Quebec’s health minister says the province will open a consultation on allowing medically assisted death for people who can no longer give informed consent or who will die of an illness in the more distant future.
Right now, Quebec permits Medical Assistance in Dying (MAiD) for terminally ill adult residents with an incurable disease who are undergoing great suffering, face imminent death, and give informed consent. The Quebec law was passed in 2014, and took effect in December 2015.
Between Dec. 10, 2015 and March 31, 2018, in the province 1,664 people were euthanized, according to Health Canada.
Danielle McCann, Quebec’s health minister, announced Nov. 29 that there will be a consultation on expanding existing criteria. McCann commissioned a panel of 22 experts to look into the proposed expansion which would allow the medically assisted death of people with Alzheimer’s disease and other degenerative conditions. She said she wants a full consultation of Quebecers before the 2022 election.
Véronique Hivon, a Parti Quebecois member of the national assembly, took part in the Nov. 29 press conference.
Hivon introduced the province’s existing medically assisted death law, and said that the criteria adopted then were necessary for its passage: “We didn’t want to lose the consensus. We had to listen to what people had to say.”
iPolitics wrote that Hivon “added that it should be possible to expand the option of medical assistance to die, for those not apt to make that decision, because a third person would be charged with following through on the wishes of the dying patient.”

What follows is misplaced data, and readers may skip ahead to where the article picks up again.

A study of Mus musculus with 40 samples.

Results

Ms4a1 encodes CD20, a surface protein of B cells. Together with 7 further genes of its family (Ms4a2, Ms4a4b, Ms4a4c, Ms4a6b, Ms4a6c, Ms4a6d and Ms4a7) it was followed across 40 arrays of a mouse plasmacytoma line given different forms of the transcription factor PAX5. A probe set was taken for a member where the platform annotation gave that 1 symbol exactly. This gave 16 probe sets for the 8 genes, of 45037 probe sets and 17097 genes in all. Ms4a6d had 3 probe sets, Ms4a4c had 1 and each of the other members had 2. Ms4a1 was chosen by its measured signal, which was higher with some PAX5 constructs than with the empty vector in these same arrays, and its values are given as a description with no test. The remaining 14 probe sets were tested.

Medical Assistance in Dying was legalized federally in Canada in June 2016. The practice has led to questions over the imprecision of the country’s requirements, from family of patients, disability advocates, pro-life groups, and bioethicists.
Eligibility is restricted to mentally competent Canadian adults who have a serious, irreversible illness, disease, or disability. While to be eligible a patient does not have to have a fatal condition, they must meet certain criteria.
According to Health Canada, among the eligibility criteria are that you “have a grievous and irremediable medical condition” and “give informed consent to receive medical assistance in dying”.
Health Canada also says that “you must be mentally competent and capable of making decisions” both “at the time of your request” and “immediately before medical assistance in dying is provided.”
Additionally, Health Canada says there are safeguards to ensure that those requesting euthanasia or assisted suicide “are able to make health care decisions for themselves” and “request the service of their own free will”.